Wars of the Roses

Wars of the Roses

Margaret of Anjou

Book - 2015
"The brilliant retelling of the Wars of the Roses continues with Margaret of Anjou, the second gripping novel in the new series from historical fiction master Conn Iggulden"--
Publisher: New York :, G.P. Putnam's Sons,, 2015.
ISBN: 9780399165375
Branch Call Number: FICTION Iggulden Conn 06/2015
Characteristics: xxxiv, 414 pages :,maps, geneaological charts ;,24 cm
Alternative Title: Margaret of Anjou



“This is no game of thrones.” One of the principle characters pronounces in Conn Iggluden’s “War of The Roses: Margaret d’Anjou”. No, but “Game of Thrones” was based on the Wars of the Roses (minus the dragons and zombies, of course) so it’s no surprise that Iggluden, like Phillipa Gregory, got on the band wagon to tell the “real story”.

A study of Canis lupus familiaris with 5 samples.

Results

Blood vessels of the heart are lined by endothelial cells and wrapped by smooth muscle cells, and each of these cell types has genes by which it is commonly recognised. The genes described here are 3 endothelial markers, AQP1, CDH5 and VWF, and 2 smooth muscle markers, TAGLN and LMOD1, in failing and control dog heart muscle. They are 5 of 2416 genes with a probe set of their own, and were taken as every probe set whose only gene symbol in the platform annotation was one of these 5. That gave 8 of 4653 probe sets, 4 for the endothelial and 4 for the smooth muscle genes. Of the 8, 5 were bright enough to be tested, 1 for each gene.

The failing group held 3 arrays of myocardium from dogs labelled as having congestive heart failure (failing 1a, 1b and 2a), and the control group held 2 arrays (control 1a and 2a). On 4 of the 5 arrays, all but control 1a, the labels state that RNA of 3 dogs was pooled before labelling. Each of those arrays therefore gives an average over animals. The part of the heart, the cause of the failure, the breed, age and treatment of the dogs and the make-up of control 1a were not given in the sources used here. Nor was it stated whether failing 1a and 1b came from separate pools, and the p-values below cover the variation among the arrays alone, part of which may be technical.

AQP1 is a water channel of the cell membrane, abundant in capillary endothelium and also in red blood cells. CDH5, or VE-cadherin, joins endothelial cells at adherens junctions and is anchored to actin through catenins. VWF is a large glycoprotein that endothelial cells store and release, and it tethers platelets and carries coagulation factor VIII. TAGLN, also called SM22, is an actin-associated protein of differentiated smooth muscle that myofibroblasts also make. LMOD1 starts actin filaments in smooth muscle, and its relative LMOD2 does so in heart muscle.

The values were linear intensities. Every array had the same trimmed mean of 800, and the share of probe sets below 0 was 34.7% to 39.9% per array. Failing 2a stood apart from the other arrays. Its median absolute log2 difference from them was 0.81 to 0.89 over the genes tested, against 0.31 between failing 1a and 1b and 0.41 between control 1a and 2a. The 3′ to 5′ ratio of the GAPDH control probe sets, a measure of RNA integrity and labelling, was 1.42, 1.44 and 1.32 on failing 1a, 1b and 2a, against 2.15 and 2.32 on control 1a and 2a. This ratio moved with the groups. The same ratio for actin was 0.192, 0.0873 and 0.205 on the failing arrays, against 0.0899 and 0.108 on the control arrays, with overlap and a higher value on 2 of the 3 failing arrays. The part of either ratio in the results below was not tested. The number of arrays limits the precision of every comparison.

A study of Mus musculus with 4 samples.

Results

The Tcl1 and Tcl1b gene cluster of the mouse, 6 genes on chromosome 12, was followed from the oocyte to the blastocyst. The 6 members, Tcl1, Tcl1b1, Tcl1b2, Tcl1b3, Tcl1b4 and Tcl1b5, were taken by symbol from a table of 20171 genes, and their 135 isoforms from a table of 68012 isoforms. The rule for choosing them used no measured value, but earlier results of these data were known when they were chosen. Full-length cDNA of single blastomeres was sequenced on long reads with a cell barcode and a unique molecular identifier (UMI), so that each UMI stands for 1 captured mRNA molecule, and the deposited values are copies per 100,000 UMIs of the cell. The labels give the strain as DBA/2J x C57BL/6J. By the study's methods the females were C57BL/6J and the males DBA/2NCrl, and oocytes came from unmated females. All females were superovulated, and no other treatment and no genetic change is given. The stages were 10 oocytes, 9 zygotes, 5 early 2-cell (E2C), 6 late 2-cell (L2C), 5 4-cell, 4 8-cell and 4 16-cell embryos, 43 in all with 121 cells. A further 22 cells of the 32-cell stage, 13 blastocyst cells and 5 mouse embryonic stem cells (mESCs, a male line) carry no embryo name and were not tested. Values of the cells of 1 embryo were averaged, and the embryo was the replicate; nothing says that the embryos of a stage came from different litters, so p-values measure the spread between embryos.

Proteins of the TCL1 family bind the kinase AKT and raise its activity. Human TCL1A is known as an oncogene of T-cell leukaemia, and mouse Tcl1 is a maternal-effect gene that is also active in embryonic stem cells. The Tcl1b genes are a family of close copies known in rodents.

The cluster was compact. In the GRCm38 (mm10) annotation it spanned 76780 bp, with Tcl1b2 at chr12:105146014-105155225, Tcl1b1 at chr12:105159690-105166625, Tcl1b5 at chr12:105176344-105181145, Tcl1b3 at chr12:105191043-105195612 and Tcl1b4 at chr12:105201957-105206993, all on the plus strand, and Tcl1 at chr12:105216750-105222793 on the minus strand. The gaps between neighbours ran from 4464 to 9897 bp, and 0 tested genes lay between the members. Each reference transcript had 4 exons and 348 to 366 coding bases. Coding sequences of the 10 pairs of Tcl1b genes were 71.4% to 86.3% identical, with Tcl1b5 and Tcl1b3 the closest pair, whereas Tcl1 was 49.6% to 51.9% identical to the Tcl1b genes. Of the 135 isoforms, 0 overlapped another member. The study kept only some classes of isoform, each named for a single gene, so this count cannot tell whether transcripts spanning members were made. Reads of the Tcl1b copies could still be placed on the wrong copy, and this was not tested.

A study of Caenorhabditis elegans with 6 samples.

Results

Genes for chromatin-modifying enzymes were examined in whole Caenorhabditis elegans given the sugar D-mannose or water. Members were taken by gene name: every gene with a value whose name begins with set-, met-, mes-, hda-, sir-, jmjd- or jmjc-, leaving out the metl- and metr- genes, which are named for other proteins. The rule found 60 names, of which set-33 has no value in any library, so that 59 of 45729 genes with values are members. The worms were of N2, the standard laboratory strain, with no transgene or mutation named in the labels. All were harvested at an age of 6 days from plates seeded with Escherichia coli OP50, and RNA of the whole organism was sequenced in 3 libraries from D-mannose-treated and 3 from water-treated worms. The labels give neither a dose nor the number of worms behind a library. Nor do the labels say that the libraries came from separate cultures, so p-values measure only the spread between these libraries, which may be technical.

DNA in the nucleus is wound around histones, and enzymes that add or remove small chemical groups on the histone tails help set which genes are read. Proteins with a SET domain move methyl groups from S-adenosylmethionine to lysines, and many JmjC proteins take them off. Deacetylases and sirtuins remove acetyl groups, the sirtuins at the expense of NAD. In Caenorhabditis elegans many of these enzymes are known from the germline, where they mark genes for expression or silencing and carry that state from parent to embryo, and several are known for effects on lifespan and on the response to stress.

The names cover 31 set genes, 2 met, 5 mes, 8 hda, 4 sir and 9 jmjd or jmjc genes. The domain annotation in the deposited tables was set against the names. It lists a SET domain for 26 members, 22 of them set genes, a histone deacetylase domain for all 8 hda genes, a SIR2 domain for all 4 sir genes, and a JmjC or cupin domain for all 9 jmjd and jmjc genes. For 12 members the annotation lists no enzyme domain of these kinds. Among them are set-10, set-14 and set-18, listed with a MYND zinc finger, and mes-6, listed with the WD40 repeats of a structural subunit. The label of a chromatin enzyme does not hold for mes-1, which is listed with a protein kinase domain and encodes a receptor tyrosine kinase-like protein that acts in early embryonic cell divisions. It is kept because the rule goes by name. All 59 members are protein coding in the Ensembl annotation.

Where Gregory concentrated on the women in her “Cousins’ War” series, Iggluden focuses on the men. And where Gregory is pro-Yorkist, Iggluden’s characters are much more nuanced. The Yorkists aren’t angels, and the Lancastrians aren’t devils, King Henry is more than a catatonic prop, and Queen Margaret is a much more sympathetic character.; she’s a proud woman fighting for her throne and her only child. Best of all, Derry Stu—oops, I mean Derry Brewer is far more in the background here than in the first installment “Stormbird”, which makes him more realistic.

I know Iggluden is often *imaginative* with history, but he sticks closer to the real story here, and the battle scenes are vividly gory. (Let’s put it this way; it’s a good idea to wear armor.) If you’re a fan of Susan Higginbottam or Bernard Cornwell, then you’ll like this one.